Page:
JumpCloud Says Systems Were Breached By Nation-State Group

The identity security firm says a ‘sophisticated’ nation-state group breached its systems through a spear-phishing campaign and targeted a small set of customers. ‘These are sophisticated and persistent adversaries with advanced capabilities,’ Bob Phan, JumpCloud’s chief security information officer writes.


Identity security firm JumpCloud said a “sophisticated” nation-state group recently breached its systems to target a small set of customers.

The Louisville, Colorado-based vendor disclosed the security incident in a blog post last Tuesday and said it decided to publish details of the attack after working with impacted customers and mitigating the attack vector.

[Related: JumpCloud Cuts 100 Jobs, Cites ‘Health Of The Business’]

Sponsored post

“We have also been working with our incident response partners and law enforcement on both our investigation and steps designed to make our systems and our customers’ operations even more secure,” wrote Bob Phan, JumpCloud’s chief information security officer.

Phan said JumpCloud discovered “anomalous activity on an internal orchestration system” on June 27 and traced the activity back to a “sophisticated spear-phishing campaign perpetrated by the threat actor” five days earlier.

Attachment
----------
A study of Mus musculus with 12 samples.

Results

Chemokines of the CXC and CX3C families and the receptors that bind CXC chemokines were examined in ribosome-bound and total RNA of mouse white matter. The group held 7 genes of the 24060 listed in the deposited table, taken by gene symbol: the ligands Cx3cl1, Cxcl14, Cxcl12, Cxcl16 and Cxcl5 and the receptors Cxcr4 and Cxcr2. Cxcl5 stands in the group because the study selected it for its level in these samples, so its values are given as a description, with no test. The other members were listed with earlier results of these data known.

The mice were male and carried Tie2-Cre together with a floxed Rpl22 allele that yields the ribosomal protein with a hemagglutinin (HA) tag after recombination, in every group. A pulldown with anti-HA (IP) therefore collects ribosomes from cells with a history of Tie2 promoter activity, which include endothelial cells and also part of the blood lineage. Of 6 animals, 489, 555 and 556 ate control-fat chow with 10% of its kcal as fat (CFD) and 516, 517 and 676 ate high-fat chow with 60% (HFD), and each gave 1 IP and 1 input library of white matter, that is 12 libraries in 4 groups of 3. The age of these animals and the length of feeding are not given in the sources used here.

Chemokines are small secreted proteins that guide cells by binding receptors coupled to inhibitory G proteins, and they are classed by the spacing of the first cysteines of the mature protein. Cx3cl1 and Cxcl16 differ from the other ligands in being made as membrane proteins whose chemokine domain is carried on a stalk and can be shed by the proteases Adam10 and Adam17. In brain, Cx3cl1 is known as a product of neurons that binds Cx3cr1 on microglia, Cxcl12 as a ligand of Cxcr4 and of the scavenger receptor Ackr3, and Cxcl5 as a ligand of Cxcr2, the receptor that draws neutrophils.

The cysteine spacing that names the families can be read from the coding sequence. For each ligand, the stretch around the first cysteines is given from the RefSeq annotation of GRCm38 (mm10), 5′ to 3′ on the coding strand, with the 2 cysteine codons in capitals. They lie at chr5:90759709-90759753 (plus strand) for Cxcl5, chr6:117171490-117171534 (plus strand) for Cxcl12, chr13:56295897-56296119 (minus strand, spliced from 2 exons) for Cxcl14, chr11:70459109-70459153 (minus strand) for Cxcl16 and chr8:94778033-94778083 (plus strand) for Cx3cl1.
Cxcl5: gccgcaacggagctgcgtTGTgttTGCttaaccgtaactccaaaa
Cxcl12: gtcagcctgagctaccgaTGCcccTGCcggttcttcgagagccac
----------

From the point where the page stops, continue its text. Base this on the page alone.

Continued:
While the company didn’t notice any customer impact at the time, it took several measures to secure its network and perimeter “out of an abundance of caution,” including rotating credentials and rebuilding infrastructure, according to Phan.

It was at this time that JumpCloud activated its prepared incident response plan, began working with law enforcement to investigate the incident and worked with its incident response partner to “analyze all systems and logs for potential activity,” Phan said.

Several days later, JumpCloud discovered “evidence of customer impact” on July 5 after finding “unusual activity” in the commands framework of its platform, Phan said. The commands framework lets users execute scripts for things such as deploying files, installing software and scheduling maintenance, according to JumpCloud’s website.

Phan said JumpCloud “began working closely with the impacted customers to help them with additional security measures” while also forcing a rotation of all admin API keys.

An analysis of the unusual activity in JumpCloud’s commands framework revealed that the threat actor breached customers’ operations through data injection, according to Phan. The company also confirmed through the analysis that “the attack was extremely targeted and limited to specific customers.”

Using its findings, JumpCloud created and share on its website a list of malicious IP addresses and hashes observed in the security incident to “block and avoid at all costs.”

“These are sophisticated and persistent adversaries with advanced capabilities. Our strongest line of defense is through information sharing and collaboration,” Phan said. “That’s why it was important to us to share the details of this incident and help our partners to secure their own environments against this threat.”